The Federal Government’s Department of Infrastructure, Transport, Regional Development and Communications has taken its regional online portal idea to market, seeking outside expertise to design, develop, and manage a new tech information Hub for regional communities.
The all-encompassing Digital Technology Hub will, it is hoped, offer a number of digital knowledge-building and infrastructure planning services for regional, rural and remote users, offering an array of functions to, for example, assess telco plans, improve digital literacy and online connectivity, and engage community members in the local digital planning process.
The Hub will be operated by a contracted third-party provider for the Department, and will offer its services to a range of users – including businesses, local council members, and the general public – across regional Australia.
An industry consultation paper released earlier this year by the Department said a dedicated Hub could cater to different requirements and groups within Australia’s regional communities.
Among the proposed features for the Hub include an independent repository housing information on community-relevant digital technologies and apps. This would enable end-users to build their skills and confidence to make the most of digital technologies, the Department said.
The Hub is to be complemented by a social media plug-in, enabling users to benefit from an instant messaging functionality.
Resolving communication concerns
On the telco front, the Hub will seek to resolve longstanding telecommunications issues across Australia’s regions, offering community members access to relevant resources, as well as a chance to air concerns and share insights through a dedicated social messaging service.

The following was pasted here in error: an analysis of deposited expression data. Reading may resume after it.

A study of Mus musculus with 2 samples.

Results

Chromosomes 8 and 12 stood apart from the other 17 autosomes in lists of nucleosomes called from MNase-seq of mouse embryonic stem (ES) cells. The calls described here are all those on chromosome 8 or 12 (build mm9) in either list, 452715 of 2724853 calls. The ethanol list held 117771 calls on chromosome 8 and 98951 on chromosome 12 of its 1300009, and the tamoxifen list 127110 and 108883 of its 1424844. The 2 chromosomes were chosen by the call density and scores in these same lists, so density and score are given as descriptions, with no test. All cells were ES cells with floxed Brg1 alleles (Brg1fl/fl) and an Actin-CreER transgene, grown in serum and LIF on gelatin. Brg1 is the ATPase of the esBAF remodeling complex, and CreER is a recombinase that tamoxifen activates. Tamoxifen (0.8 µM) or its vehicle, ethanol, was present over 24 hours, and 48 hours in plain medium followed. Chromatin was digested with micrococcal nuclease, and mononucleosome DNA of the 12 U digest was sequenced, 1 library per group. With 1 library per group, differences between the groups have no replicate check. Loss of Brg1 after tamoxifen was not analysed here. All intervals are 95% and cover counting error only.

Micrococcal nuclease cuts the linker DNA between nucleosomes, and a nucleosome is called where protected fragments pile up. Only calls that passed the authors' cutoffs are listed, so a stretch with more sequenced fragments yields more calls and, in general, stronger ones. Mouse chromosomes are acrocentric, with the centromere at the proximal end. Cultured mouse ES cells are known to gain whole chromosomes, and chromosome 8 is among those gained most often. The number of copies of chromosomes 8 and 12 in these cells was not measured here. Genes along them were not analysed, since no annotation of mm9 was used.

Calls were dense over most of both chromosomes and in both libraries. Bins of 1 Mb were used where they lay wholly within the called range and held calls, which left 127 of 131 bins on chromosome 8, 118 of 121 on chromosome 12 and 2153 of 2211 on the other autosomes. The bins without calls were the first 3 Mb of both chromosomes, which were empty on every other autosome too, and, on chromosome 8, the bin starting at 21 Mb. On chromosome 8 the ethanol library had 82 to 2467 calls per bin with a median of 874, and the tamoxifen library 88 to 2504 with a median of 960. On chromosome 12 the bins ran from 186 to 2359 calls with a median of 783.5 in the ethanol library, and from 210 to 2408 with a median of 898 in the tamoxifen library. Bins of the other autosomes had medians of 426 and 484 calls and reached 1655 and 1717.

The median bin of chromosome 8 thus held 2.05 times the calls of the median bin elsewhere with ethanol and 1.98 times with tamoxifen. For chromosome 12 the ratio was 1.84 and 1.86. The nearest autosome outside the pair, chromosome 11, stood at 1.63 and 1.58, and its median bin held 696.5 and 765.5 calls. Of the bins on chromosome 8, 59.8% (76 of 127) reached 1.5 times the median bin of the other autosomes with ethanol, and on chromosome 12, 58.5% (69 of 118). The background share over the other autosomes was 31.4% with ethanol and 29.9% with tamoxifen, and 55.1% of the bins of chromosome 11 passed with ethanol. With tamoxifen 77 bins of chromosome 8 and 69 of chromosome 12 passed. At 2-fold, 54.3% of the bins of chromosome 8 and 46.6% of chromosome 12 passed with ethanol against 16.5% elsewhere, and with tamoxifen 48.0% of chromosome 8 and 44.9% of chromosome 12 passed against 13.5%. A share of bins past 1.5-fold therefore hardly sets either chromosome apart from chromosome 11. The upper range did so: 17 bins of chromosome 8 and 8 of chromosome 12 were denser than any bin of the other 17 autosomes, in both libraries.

Using the Hub, the Department said it seeks to help consumers understand the complex array of network connections, plans, and technologies in their area – many of which sit within communications blackspots. These incorporate phone, mobile, and broadband services.
Information will be shared for regional businesses to clarify the potential of digital technologies for regional areas. Local communities and councils, it is hoped, will also be able to more readily engage in the digital planning process.
Maximising regional connectivity
The Hub’s broader goal will be to maximise the benefits of connectivity for regional businesses, the Department said.
“Innovative digital applications exist today that could have immediate positive impacts on regional business sectors if they are taken up,” a Department briefing paper said.
In agriculture, for example, technologies like Internet of Things (IoT) applications, automation, and collecting and using “whole-of-farm data” helps with better decision-making, while increasing production capacity and reducing the input costs.
For tourism, better connectivity enhanced the visitor experience, enables better targeting of marketing, and helped businesses respond more readily to new opportunities and challenges.
The industry tender for the Digital Technology Hub closes 6 July.